A core tenet of fiscal conservatism is that the government should refrain from using taxpayer dollars to bloat the government, de-incentivize economic growth, and use the power of the government purse to advance social and economic changes beyond the scope of the US Constitution. Since the 1950s, most conservatives have insisted the government pay for its spending through taxes and fees instead of debt. Yet, too many Republicans who have used the conservative label over the last several decades often go to Washington, DC, statehouses, or local government and do the opposite.
It has become clear that elections are not about whether Democrats or Republicans, liberals or conservatives, will better steward America. Elections seem to have become nothing more or less than an auction of stolen goods. The Left uses the promises of taxpayer-funded programs to buy votes, and the Right uses money from those who aren’t even born yet by purchasing votes with tax cuts without reducing government spending.
In March 2021, Democrats passed the American Rescue Act. It provided $350 billion in deficit spending dollars to state, local, and tribal governments. In Democratic-led states, Democrats are moving to spend the money on projects as quickly as they can. In many GOP-led states, Republicans are moving swiftly to enact tax cuts.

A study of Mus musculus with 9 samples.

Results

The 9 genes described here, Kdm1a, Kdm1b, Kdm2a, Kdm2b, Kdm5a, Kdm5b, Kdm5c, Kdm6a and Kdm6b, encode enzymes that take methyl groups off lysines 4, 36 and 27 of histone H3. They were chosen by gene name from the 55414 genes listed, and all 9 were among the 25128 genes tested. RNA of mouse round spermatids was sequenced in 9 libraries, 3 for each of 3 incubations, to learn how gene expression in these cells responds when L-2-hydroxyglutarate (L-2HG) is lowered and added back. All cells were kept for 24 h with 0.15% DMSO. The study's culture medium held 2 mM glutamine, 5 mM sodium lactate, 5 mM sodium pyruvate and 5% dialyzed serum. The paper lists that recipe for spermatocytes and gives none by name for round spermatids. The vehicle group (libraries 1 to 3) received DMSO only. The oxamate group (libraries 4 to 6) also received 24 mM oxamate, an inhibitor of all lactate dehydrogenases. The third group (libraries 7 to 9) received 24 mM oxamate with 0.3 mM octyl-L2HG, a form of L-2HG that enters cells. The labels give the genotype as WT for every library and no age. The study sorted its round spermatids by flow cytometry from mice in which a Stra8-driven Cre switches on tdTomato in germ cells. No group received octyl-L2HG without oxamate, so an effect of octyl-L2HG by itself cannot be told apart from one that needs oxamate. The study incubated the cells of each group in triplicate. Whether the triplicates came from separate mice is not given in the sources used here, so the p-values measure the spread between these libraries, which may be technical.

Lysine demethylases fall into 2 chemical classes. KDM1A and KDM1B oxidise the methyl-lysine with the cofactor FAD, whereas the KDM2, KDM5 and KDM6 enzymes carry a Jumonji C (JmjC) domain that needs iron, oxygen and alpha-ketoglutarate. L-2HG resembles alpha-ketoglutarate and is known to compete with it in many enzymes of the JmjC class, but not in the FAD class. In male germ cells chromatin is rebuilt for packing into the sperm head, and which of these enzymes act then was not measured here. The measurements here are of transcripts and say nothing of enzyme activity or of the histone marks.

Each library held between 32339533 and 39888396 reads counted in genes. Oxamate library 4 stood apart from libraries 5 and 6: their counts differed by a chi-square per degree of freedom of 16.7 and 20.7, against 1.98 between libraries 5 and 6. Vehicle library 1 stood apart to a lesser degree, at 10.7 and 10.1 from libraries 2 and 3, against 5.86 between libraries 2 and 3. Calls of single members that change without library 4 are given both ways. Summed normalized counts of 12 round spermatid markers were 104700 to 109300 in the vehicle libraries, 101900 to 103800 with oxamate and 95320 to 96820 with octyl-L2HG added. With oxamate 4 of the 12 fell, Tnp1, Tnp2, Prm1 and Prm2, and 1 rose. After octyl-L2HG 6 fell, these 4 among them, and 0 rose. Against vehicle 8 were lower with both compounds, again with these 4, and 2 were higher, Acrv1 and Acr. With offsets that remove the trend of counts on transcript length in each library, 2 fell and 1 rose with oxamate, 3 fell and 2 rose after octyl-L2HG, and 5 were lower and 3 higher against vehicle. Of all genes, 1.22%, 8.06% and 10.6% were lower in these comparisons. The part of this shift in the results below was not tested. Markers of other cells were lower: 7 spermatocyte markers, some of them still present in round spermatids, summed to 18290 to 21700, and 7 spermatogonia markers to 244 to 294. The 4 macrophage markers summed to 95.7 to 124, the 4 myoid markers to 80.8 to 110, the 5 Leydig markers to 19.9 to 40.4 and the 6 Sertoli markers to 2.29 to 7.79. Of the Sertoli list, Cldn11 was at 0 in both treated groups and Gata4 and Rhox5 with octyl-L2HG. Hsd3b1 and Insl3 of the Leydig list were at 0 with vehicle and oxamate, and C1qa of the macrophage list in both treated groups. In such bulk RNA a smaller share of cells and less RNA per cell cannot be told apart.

Here is the problem for the Right… Due to inflation, government expenses are exploding. The cost of education, food stamps, health care, roads and bridges, winter road clearing, vehicle maintenance, gasoline, sewage plant maintenance, and labor are rising quickly. Yet, the money coming from the American Rescue Act is a one-time treasure trove. If government expenses continue to climb or the economy potentially tips into a recession, tax revenues into state and local coffers will plummet.
Yet, state-elected Republicans are moving to cut taxes and talking about more tax cuts in the future. Republicans may believe they will get credit from voters for cutting taxes, but what happens to their majorities when programs citizens want, need, or depend on face cuts? What about the maintenance of roads or other vital infrastructure?
There are other looming issues. Many state pension plans are running deep deficits. Should legislatures shore up pension plans and enact reforms for future generations?
The real problem is that citizens don’t need a slew of state governments facing significant budget crises if the Biden economy continues to falter. While it may ordinarily be a good thing to cut taxes, there is a time for restraint. Republicans should be toeing the line on taxes while demanding discretionary spending cuts in an already bloated government.
As the economy tightens, Republicans won’t be able to point to tax cuts if their states, counties, or local governments are forced to reduce essential services. Again, tax cuts may be good in ordinary times. These are not normal times. Perhaps Republicans should stop the tax-cutting unless they are willing at all levels of government to make the case and fight for the reduction of spending.
In reality, tax cuts have become a form of future tax increases on those who don’t have a say today but are stuck with the bill tomorrow. Otherwise, is there much of a difference between conservatives and liberals, or are they just two sides of the same coin?